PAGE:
Tuesday, January 8, 2019

Pssst. Want to See What's Inside?

Terry Shames, here weighing in on what makes a good book cover.

We all want our books to be read, and the first look that people get is the cover. Here are a few tips about good book covers:
When my first book, A Killing at Cotton Hill, came out in 2013, I was puzzled by the cover. It had a photo of an old car on the front. There was nothing about cars in the book. Worried, I took the photo to my local bookstore. The bookseller took one look at it and said, “With this cover, this book is going to fly off the shelves.” She said it gave the flavor of the book, and that's what was important. She was right, which led me to understand that I knew nothing about book covers.


Tip one: Unless you are experienced in cover design, or really have a strong opinion about the cover your publisher has come up with, trust the pros. And if you are the publisher, get some opinions about the look of the covers you’re considering. Author Hank Phillipi Ryan always gives her Facebook community a choice of covers to vote on. It not only drums up interest, but gives her a chance to figure out the cover that readers find most appealing. Trusting your publisher doesn’t mean you have to accept a cover you really don’t like, or that you shouldn’t at least try to have input. James Ziskin’s last cover for A Stone’s Throw was brilliant—and he came up with it himself. Luckily, his publisher agreed. But of course that isn’t always the case. You may have to compromise.


Tip two: Covers should be consistent for a series. After my first book came out, my publisher, Seventh Street Books, stuck to the basic “look” of the cover, with blues and greens. Readers told me they had only to glance at my covers to know it was one of my books.

That said, when I wrote a prequel, the cover designer changed the look significantly. That was to emphasize that it wasn’t chronological in the series. And now, my eighth book, A Risky Undertaking for Loretta Singletary is coming out with a completely different look. Why? Because after books seven, A Reckoning in the Back Country, was so dark, I decided to write one that was lighter. It was instantly put it in the “cozy” category, which was fine by me, as that’s what I was aiming for.

Which brings me to tip #3: Don’t be afraid to change up the established “look” in order to signal that a book departs  from its usual fare. Also, just because a cover “look” should be consistent doesn’t mean it can’t get stale and need a new interpretation.

Tip # 4: Be specific about the contents of the book. If you’ve written a cozy, having a cover with a gun and a body covered in blood probably isn’t the best way to advertise what’s between the covers. Romance novels almost always signal their contents by their covers. If you see a young woman looking lovingly into the eyes of a handsome man on the cover, you probably won’t expect to settle down to read a fast-paced thriller.

Tip # 5: The cover isn’t everything. I once read a Goodreads discussion about what drew people to books. I assumed it would be word-of-mouth, author name, or even title name. But the overwhelming reason given for selecting a book was its cover. That isn’t true for me. I generally choose a book by author, but sometimes I’m simply browsing and looking for a new “voice.” After reading the discussion, I started paying attention to the kinds of books I selected when I was browsing. I noticed that when I chose a book , the name of the book was more important than the cover, but  I was more likely to a pick up cover with a brooding element--gloom, or a shadowy figure.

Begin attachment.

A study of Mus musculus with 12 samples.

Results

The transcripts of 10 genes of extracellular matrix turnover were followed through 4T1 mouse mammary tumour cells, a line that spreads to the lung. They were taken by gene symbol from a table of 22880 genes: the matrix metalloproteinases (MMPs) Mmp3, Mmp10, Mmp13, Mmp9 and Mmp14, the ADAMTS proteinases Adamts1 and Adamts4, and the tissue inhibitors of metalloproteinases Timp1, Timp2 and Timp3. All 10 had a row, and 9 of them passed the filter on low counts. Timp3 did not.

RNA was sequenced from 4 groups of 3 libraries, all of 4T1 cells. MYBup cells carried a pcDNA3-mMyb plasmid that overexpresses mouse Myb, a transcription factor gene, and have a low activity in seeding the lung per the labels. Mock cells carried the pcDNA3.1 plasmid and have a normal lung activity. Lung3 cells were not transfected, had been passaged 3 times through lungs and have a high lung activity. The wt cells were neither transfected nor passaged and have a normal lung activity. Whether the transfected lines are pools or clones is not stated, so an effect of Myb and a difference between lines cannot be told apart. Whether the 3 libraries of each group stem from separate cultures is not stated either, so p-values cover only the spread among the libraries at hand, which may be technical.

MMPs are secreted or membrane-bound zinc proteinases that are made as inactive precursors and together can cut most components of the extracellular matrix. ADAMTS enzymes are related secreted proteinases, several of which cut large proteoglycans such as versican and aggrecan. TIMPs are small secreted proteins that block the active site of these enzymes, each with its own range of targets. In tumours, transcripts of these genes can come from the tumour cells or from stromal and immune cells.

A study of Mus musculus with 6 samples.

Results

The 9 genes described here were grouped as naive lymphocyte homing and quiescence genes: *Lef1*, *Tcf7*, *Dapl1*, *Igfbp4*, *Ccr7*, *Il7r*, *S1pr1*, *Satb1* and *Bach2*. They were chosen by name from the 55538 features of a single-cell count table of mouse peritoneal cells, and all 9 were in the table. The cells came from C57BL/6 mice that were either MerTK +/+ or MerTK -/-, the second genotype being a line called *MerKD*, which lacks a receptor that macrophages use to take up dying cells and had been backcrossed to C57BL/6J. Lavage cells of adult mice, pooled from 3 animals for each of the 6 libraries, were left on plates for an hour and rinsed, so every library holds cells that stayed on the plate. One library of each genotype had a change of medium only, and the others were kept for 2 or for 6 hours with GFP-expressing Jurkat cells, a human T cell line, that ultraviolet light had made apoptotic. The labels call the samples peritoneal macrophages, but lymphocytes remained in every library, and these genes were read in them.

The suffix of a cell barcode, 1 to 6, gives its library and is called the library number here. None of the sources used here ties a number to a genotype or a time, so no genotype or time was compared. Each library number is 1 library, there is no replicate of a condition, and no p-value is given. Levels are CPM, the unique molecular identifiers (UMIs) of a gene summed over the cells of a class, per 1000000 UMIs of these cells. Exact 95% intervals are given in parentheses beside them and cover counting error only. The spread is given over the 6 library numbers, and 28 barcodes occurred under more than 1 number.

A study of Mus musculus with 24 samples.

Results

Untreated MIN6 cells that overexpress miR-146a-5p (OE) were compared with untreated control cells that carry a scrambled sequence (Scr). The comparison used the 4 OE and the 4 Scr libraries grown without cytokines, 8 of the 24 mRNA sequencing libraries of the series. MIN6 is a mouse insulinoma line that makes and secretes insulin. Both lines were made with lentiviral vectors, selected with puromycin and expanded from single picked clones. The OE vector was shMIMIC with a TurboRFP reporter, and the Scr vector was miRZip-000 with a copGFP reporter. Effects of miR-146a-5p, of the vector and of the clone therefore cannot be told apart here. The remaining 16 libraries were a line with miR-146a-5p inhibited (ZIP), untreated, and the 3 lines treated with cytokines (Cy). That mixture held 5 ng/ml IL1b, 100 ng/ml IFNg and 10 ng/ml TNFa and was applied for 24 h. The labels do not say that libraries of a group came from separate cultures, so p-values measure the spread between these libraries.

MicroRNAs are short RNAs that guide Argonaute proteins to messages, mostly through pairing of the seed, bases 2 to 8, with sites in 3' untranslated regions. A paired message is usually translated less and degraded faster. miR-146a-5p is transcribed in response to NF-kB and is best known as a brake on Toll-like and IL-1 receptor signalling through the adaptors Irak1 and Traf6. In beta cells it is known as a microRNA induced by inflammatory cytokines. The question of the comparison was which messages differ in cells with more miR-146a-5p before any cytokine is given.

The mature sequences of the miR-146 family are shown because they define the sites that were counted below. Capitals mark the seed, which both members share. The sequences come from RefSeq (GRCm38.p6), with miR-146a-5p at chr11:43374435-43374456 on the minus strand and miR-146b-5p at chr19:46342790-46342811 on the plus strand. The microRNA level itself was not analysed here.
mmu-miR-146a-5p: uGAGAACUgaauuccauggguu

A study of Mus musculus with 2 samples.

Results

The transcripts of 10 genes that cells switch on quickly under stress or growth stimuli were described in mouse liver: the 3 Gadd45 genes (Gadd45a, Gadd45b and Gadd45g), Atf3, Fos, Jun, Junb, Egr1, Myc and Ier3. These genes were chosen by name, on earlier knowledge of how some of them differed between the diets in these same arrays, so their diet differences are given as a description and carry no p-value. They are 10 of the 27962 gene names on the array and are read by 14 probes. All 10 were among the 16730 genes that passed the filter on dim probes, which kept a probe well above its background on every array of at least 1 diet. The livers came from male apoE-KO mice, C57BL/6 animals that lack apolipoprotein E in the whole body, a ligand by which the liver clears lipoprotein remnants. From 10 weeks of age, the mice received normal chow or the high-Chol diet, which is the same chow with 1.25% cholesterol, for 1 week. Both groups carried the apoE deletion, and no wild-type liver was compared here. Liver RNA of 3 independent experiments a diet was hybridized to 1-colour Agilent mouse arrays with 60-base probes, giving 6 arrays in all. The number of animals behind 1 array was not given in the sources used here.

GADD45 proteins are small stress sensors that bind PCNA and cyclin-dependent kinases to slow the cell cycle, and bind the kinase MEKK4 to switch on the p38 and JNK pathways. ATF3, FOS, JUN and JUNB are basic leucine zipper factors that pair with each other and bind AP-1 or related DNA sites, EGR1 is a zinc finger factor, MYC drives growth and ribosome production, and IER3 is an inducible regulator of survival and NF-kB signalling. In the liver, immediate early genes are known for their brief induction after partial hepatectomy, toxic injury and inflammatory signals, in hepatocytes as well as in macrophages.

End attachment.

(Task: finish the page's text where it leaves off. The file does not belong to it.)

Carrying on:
Tip #6: There will always be a bit of mystery to the process. Even the best covers won’t appeal to everyone. And some covers that don’t look particularly exciting, may do quite well.I had a chance to be an Edgar judge last year, and was interested to see how covers differed—and how many of them were the same. It was fascinating to find that there were a lot of the same “look” in covers. I wondered if there are fads. A few of the books I thought were among my best Edgar reads had covers I probably would have bypassed if I had been choosing at random. These were books with generic “scenery”—a picture of a mountain or an ocean or a woods.

I’ve observed that the fourth book in my series, with a cow on the cover, will be picked up more often than any other in a display of my books. I’ve never figured out why. These are urban people. What appeals to them about a cow? Not only that, some people see the cow as looking malevolent; others as neutral.

At the moment I am on an anthology committee and we have to choose a cover. It’s interesting to see what grabs one committee member’s attention over another’s. I tend to like strong geometrics, while another prefers a human element. So it’s tricky to declare that one kind of cover is “greater” than another.

Tip #7: One last tip. When you are James Patterson or Louise Penny, it probably doesn’t matter what your cover looks like. I looked at the covers of some huge best-selling authors and noticed that inevitably, the most notable element of the cover was the author's name in BIG letters. So if you really want to have covers that sell, become a best seller!


Dietrich Kalteis said...

Right on the money, Terry. Well said.

RJ Harlick said...

A terrific insight into what makes a good cover, Terry.

Terry said...

Thanks guys, I never got around to titles, because I nattered on so long about covers. Maybe a separate post!